2017 was a political roller coaster — check out the top 5 twists and turns

2017 was a political roller coaster — check out the top 5 twists and turns




1. A new kind of president

The election of Donald Trump took much of the country by surprise, and as the president works to cement his legacy, there are those who don’t think he’ll make it to 2020.



2. Russia and the swamp

Before the gold paint had begun to dry at the White House, questions about Russia’s involvement in the election were growing, becoming a massive FBI investigation that has felled Trump stalwarts from Paul ManafortPaul John ManafortREAD: Hannity, Manafort messages released by judge Manafort, Hannity talk Trump, Mueller in previously undisclosed messages FBI, warned early and often that Manafort file might be fake, used it anyway MORE to Steve BannonStephen (Steve) Kevin Bannon Ocasio-Cortez: 'I want to know about the racism' involved with census citizenship question CNN's Jim Acosta: Trump is 'crazy like a fox' BBC News anchor confronts Michael Wolff for using Bannon as a source for his book MORE.



3. A struggling Congress

The Trump administration isn’t the only one having a tough year; from record-breaking protests throughout the country to surprise election losses, the nation is giving lawmakers a failing grade as it rides a populist wave.



4. The Year of the Woman

One of the biggest campaign stories of the year was the race to replace longtime Sen. Jeff SessionsJefferson (Jeff) Beauregard SessionsAttorney General Barr plays bagpipes at conference Roy Moore trails Republican field in Alabama Trump: Appointing Sessions was my biggest mistake MORE, who was appointed attorney general in Trump’s Cabinet. Republican Roy Moore was widely expected to take the seat — that is, until the #MeToo movement came to Alabama and delivered a win to Democrats. The sexual assault backlash also made its way to Washington, forcing the resignation of Democratic Sen. Al Franken. And as 2018 fast approaches, women are taking their fight to the ballot box, running for office in droves.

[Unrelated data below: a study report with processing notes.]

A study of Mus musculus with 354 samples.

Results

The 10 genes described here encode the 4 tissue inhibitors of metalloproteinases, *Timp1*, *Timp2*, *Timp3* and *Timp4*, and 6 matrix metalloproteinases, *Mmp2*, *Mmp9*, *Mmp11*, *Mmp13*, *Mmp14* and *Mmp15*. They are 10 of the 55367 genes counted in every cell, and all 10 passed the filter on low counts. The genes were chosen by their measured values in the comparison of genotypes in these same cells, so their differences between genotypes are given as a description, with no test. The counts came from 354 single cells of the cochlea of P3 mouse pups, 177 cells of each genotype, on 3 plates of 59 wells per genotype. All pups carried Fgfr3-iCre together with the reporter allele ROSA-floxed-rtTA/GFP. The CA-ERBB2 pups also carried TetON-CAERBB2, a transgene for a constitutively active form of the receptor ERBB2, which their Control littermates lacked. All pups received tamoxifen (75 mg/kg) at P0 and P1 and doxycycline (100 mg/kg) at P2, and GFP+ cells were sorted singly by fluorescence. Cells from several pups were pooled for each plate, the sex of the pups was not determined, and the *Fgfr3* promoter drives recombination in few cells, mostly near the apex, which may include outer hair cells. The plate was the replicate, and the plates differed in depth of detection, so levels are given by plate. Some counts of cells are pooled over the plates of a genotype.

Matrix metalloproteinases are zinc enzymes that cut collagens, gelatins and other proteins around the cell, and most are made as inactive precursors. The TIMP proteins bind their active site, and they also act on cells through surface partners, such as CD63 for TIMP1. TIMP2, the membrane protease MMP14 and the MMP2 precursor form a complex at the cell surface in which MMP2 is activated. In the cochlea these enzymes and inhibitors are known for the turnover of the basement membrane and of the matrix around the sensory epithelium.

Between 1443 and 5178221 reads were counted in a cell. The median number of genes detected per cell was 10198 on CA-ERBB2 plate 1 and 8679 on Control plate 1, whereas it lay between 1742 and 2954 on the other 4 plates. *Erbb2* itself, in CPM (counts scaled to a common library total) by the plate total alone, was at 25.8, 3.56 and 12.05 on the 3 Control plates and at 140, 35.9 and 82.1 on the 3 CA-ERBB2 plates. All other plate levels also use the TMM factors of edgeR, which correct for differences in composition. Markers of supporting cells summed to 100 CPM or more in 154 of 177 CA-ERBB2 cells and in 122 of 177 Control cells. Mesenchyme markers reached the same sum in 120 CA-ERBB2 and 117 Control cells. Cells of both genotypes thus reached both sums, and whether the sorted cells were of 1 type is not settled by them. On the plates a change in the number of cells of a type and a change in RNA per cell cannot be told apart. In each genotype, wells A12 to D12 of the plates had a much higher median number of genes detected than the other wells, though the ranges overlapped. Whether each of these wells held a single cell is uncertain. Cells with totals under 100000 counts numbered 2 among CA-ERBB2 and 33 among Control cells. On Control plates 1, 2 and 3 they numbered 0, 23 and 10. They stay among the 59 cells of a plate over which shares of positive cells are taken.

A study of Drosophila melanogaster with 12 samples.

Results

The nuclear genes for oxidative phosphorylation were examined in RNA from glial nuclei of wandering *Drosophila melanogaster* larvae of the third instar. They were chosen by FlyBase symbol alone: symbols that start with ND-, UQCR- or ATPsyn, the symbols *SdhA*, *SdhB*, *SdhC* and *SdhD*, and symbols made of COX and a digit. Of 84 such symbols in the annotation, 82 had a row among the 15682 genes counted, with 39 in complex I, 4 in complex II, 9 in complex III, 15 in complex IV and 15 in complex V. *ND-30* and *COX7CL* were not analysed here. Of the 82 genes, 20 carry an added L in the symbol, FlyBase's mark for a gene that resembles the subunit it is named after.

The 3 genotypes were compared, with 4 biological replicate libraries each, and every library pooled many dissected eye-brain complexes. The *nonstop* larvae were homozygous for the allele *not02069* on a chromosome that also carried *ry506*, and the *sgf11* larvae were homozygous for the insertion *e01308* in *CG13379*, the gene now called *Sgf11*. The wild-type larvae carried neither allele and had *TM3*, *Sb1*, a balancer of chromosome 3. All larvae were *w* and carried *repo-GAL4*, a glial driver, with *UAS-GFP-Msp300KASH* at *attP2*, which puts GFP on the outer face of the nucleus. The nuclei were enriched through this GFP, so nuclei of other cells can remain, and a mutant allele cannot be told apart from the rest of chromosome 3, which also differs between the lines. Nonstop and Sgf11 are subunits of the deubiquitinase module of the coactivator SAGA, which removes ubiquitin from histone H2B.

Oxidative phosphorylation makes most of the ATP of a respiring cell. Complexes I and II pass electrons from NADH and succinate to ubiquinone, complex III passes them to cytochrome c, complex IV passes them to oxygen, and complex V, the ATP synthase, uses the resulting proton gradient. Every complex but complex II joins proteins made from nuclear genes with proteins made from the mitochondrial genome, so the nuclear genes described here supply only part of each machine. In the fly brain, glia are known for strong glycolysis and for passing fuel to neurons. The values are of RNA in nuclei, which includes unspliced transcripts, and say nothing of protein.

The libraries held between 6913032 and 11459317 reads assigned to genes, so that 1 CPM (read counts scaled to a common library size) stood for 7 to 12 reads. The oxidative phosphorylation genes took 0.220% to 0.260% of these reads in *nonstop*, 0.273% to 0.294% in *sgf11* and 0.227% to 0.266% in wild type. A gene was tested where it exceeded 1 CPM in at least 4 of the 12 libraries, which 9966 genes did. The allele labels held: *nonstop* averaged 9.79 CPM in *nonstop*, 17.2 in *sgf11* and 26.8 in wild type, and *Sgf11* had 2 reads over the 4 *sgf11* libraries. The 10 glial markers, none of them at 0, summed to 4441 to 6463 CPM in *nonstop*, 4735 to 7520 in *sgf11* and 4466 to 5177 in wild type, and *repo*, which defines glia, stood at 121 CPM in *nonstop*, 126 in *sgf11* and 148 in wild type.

The one constant throughout the year has been the looming figure of Hillary Clinton. The 2016 contender may have lost her bid for the Oval Office, but her campaign, along with the Democratic National Committee, generated headlines for their actions in 2016 — and lost a lot of goodwill for the former secretary of State.

What will the next year bring in politics? Stay tuned!